I read several articles and chapters last month. Some were interesting, some were common sense things that most librarians are already doing every day, but one of the chapters really had me shaking my head. There was good information there, but I found myself thinking a lot about top down management style.
The chapter was from Managing Children’s Services in the Public Library. I wish that I could link to a full text version so you can read it, but I think the quotes will speak for themselves. I’d love to hear what you think about these topics.
“In supervising librarians, one goal is to help them develop the skills necessary to take positions as department heads in other branches or libraries.” (31)
“Support staff members need to know some of the background and reasons for library policies. Their major need for information, however, is to help them do their daily jobs, not participate in administration.” (32)
Both of these quotes made me say “what?” I know librarians who only want to be librarians. They might only want to be a children’s librarian, even. There’s nothing wrong with allowing a librarian to become the best librarian they can be without pushing them towards management.
I also know clerical staff who love working at the library and plan to continue to do so as long as possible. They are good at it, there are management positions they can move into if they are interested. There are definitely some for whom working in the library is merely a stop on their way to the future, but who’s to say what information they need, and what they don’t?
“Group decisions are most appropriate when the entire group must accept the decision and the time limit for making it is fairly long. … Allowing each staff member to suggest ways for coping with inconvenience will minimalize general resentment. The manager will not appear to be the person who handed down decisions that cause inconvenience.” (35)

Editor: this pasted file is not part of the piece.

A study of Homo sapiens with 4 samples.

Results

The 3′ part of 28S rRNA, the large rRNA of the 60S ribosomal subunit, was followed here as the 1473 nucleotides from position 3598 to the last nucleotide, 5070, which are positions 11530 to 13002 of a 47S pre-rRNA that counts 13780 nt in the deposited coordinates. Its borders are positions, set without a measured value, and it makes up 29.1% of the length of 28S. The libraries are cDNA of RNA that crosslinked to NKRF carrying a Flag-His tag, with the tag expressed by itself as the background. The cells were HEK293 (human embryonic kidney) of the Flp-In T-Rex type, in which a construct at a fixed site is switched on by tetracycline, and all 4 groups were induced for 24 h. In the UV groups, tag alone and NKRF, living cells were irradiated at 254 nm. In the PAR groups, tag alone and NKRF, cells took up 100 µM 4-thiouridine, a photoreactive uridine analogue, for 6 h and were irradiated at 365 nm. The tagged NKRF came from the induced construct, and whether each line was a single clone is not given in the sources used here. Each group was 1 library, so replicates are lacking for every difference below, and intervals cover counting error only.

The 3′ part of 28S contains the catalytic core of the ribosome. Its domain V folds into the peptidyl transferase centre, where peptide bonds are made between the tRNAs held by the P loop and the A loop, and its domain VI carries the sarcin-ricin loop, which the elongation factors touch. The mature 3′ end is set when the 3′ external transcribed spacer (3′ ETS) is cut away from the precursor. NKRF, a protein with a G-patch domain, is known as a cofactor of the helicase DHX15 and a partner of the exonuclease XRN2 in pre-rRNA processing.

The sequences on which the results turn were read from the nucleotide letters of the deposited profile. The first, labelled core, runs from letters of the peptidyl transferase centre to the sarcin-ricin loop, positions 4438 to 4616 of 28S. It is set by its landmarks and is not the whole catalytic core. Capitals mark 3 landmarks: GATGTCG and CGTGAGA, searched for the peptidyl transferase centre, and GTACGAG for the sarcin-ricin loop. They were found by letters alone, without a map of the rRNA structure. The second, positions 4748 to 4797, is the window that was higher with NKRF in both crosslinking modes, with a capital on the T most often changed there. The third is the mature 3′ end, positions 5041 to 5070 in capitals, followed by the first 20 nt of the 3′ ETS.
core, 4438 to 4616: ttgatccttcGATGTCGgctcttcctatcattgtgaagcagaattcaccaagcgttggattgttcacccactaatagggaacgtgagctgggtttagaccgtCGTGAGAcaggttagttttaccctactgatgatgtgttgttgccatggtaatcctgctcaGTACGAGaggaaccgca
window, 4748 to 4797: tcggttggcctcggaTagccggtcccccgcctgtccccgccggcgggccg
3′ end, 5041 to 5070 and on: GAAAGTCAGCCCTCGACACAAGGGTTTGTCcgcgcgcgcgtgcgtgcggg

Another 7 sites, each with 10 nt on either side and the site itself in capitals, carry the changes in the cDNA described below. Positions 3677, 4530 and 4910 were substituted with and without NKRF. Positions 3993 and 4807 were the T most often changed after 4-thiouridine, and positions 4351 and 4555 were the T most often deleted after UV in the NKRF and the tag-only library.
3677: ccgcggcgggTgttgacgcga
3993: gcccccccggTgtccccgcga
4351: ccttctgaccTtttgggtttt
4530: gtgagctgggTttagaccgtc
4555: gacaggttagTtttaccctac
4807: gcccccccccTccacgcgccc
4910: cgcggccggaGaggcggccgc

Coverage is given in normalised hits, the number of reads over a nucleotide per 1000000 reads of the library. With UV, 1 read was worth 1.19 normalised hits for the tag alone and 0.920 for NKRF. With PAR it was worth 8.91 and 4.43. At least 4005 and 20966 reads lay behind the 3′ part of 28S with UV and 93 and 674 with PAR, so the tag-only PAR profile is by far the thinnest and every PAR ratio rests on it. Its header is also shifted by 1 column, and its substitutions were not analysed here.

The first part of this statement I agree with, but the last sentence? I wrote the word “ouch” in the margin. Avoiding blame as an important management strategy? It might work for a while, but eventually your employees are going to start looking at you in a new light.
All of this led me to think about a recent post by Meredith Farkas called Be the Change You Want to See. The post isn’t necessarily about managing, although I think it is sound advice for anyone who is or is interested in being a manager. The main theme in Meredith’s post is that you can’t base your own actions in your career on those around you. If someone else is slacking, it only wastes your energy to be mad at them for doing so. If someone else is an amazing dynamo, you will most likely just wear yourself out trying to compete. And don’t stop doing amazing things because your co-workers glare at you for being a overachiever.
How do I think this applies to managers? It tells them not to judge their employees too harshly or quickly. It reminds them to sit back a bit and make sure they can see all the parts of a person: the “slacker” who only works 24 hours a week and does what he/she can in that time, the “overachiever” that is escaping something outside of work and throwing all their energy into projects, and all the grey areas in between. There are a lot of things to consider when looking at what a coworker or person you supervise is accomplishing. This is something that I’m working on now–not jumping to conclusions.